Floods displace some 100,000 in Nigerian breadbasket
At least 100,000 people have been displaced and dozens of houses and farmlands submerged in heavy flooding across several communities of central Nigeria's Benue state, according to authorities.
"President Muhammadu Buhari has received with great concern reports of the flooding in Benue state, which, according to early estimates, has affected thousands of homes and displaced more than 100,000 persons in 12 local government areas," presidential spokesman Garba Shehu said in a statement Thursday night.
The president has directed the National Emergency Management Agency (NEMA) to immediately mobilize personnel and resources to come to the aid of the victims of the flooding, and is closely monitoring the situation, he added.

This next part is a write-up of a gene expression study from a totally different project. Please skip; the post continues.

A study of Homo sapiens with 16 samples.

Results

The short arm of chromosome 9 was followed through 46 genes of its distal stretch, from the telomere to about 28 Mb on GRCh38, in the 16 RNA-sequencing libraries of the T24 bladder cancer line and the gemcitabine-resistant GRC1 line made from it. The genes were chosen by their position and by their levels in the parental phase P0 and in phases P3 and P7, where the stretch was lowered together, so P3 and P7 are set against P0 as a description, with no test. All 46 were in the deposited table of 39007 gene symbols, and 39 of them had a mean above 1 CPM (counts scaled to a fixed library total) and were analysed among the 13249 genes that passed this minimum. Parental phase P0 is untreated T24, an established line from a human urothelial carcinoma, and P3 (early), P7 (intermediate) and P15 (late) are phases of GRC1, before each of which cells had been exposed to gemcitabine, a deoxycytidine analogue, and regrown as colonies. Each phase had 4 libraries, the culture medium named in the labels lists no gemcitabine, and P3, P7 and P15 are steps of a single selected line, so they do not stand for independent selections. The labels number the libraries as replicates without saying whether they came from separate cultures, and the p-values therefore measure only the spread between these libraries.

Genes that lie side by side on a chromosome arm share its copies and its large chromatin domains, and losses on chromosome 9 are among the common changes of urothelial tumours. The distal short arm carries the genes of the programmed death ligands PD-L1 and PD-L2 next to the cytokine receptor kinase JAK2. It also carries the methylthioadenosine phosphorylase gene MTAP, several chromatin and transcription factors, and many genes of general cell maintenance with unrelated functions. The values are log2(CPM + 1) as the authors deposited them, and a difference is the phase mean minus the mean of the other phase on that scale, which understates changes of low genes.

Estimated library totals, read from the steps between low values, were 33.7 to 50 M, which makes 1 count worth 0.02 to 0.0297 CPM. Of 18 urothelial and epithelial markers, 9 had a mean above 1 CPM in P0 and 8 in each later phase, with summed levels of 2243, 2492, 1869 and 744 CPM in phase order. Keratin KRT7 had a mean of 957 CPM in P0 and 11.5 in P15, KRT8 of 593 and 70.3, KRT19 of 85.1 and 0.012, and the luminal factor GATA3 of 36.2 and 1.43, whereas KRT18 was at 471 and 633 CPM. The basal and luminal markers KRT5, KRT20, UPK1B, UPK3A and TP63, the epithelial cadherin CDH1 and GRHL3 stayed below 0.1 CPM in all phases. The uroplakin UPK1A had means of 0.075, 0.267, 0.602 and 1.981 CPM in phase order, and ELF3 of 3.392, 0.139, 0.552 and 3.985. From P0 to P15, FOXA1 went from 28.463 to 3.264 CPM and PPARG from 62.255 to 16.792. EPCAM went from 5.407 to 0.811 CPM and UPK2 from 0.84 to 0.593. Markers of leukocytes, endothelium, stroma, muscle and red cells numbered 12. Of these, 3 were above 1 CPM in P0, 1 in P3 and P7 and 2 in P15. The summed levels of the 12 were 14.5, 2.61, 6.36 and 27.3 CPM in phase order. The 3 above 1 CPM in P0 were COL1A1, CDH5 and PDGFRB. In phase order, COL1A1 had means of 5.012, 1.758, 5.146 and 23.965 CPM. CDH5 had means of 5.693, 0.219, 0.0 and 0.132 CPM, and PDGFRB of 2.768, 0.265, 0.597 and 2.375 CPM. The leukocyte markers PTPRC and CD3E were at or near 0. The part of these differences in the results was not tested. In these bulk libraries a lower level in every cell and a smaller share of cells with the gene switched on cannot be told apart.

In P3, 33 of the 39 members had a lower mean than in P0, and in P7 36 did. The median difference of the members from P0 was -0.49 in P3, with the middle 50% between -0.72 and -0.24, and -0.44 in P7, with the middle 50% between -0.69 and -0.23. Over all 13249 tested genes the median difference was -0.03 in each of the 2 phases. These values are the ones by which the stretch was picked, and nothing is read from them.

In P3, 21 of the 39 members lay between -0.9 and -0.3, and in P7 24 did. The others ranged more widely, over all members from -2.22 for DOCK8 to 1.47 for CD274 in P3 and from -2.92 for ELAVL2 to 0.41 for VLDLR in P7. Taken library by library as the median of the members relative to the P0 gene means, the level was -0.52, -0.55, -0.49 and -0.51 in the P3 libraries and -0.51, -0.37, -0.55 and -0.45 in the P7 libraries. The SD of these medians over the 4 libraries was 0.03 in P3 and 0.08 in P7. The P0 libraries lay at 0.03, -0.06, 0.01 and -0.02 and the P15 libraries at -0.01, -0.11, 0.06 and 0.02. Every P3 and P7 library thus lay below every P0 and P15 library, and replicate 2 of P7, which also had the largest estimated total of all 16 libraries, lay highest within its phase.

The flooding has been blamed on heavy rains and the release of excess water from a dam in Cameroon, which borders the west African country.
Nigerian web outlets and social media are awash with reports and footage of the flooding in the country's "breadbasket" state, with calls on individual philanthropists and government to organize support for the victims.
The country's relief agency NEMA has not commented on the development, which could trigger famine, or worsen food inflation, in the country. Benue is known as a major producer of staple food in Nigeria.
Heavy flooding last occurred in several states of Nigeria in 2012, killing many people and displacing hundreds of thousands.
Lagos, the commercial city, was also recently flooded, triggering calls for authorities to strictly enforce environmental laws and implement proactive measures to mitigate the effects of climate change.